Estudar língua Portuguesa? Yes, you can study Portuguese at the UO
Good news for University of Oregon students who want to estudar língua Portuguesa as something more than an undergraduate language requirement. The Department of Romance Languages will offer a full Portuguese language program beginning next fall term.
“Demand is increasing, and we are looking forward to continuing to promote the study of Portuguese at the UO and to developing the program,” said David Wacks, an associate professor of Spanish and interim department head for Romance Languages.
The UO currently offers two years of Portuguese language courses – three sections of first-year Portuguese and two sections of second-year – through its Yamada Language Center. The center began offering its core Portuguese courses in 2007, and has also offered third-year classes with a focus on contemporary and social issues, along with a non-credit, self-study Portuguese class that is open to community members.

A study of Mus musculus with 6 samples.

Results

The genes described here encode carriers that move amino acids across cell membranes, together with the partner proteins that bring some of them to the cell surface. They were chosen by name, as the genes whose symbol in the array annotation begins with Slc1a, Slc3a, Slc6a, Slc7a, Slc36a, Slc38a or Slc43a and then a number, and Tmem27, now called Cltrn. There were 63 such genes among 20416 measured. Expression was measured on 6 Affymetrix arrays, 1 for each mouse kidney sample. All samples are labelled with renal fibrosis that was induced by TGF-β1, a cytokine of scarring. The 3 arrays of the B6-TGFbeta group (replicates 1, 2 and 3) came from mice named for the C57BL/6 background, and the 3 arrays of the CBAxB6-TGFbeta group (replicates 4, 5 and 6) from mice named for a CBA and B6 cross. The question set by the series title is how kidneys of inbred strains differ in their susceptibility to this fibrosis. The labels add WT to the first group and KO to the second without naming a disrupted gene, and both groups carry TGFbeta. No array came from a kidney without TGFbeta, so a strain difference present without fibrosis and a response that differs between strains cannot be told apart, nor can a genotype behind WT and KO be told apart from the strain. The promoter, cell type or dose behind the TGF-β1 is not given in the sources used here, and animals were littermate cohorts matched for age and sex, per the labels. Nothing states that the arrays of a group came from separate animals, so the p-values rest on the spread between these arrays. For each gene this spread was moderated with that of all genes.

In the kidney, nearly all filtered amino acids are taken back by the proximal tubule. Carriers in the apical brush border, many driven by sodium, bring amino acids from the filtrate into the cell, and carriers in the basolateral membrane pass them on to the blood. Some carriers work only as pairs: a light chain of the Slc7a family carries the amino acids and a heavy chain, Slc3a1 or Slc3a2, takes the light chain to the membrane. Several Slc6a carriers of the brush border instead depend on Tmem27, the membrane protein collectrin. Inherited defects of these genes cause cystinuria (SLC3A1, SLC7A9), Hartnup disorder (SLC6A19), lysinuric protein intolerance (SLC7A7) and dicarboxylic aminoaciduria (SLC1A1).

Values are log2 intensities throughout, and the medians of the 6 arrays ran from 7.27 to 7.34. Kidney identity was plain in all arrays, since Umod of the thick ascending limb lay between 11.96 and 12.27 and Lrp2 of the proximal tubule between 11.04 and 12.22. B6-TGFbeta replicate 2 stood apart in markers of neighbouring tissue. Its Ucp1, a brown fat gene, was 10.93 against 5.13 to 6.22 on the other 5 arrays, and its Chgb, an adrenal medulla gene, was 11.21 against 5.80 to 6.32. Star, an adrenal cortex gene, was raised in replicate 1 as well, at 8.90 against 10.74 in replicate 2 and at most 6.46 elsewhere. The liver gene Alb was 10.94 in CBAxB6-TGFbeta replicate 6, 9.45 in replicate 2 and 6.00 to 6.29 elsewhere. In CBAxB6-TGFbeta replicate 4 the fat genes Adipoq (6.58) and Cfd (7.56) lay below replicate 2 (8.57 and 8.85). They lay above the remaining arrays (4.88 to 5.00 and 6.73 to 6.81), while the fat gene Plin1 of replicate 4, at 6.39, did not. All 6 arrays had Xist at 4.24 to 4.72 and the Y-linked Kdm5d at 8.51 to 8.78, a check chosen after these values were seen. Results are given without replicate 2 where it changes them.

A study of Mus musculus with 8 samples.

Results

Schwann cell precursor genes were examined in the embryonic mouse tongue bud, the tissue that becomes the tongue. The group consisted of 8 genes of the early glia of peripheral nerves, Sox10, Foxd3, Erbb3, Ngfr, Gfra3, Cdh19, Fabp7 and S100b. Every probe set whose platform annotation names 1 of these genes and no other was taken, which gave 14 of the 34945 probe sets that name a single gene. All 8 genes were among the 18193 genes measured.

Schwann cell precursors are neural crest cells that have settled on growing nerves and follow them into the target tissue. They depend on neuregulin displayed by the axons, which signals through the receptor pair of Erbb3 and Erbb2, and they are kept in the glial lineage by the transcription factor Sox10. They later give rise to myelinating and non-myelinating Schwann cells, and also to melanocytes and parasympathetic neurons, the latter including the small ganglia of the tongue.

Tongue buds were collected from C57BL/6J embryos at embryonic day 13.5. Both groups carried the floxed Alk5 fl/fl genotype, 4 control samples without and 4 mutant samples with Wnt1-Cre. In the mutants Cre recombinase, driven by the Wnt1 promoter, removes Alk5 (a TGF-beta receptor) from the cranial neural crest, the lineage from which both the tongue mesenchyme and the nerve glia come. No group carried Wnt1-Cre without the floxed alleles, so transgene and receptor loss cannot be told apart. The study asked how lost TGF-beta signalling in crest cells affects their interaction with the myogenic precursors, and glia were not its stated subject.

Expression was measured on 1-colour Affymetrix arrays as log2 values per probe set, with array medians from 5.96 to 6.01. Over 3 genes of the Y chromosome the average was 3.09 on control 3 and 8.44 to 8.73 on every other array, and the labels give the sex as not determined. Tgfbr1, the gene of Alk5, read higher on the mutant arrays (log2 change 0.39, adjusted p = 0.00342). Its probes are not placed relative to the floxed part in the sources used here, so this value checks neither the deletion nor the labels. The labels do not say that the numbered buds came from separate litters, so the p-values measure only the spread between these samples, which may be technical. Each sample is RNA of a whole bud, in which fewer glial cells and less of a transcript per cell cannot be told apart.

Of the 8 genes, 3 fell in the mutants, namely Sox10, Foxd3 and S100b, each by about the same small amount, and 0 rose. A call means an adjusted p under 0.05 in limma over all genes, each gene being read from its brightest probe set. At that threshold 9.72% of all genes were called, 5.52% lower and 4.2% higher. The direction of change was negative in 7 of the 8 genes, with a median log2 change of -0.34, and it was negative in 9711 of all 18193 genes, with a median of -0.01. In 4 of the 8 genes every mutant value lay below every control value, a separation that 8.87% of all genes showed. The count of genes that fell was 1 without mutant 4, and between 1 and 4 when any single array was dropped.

The core courses will become part of the Portuguese program in Romance Languages beginning fall term, along with a new Portuguese 150 course – “Introduction to the Lusophone (Portuguese-speaking) World.” The new offering will be a general education course, taught in English and intended to provide an overview of cultures in the Portuguese-speaking world.
“We (also) have plans to expand offerings to included third-year Portuguese language and a broader range of courses on the cultures and literatures of the Lusophone world,” Wacks said.
The goal is to eventually offer both a minor and a major in Lusophone studies, he said.
Portuguese is in high demand among students majoring in romance languages, Latin American studies, international affairs, business, economics and other areas of study. Portuguese has the seventh-largest number of speakers – 178 million – of all the world’s languages. There are 154 million Portuguese speakers in Brazil, which is has the world’s sixth-largest economy and is poised to host the World Cup in 2014 and the Summer Olympics in 2016.
The U.S. government has designated Portuguese a “preferred language,” and it is now taught at the Army and Air Force academies.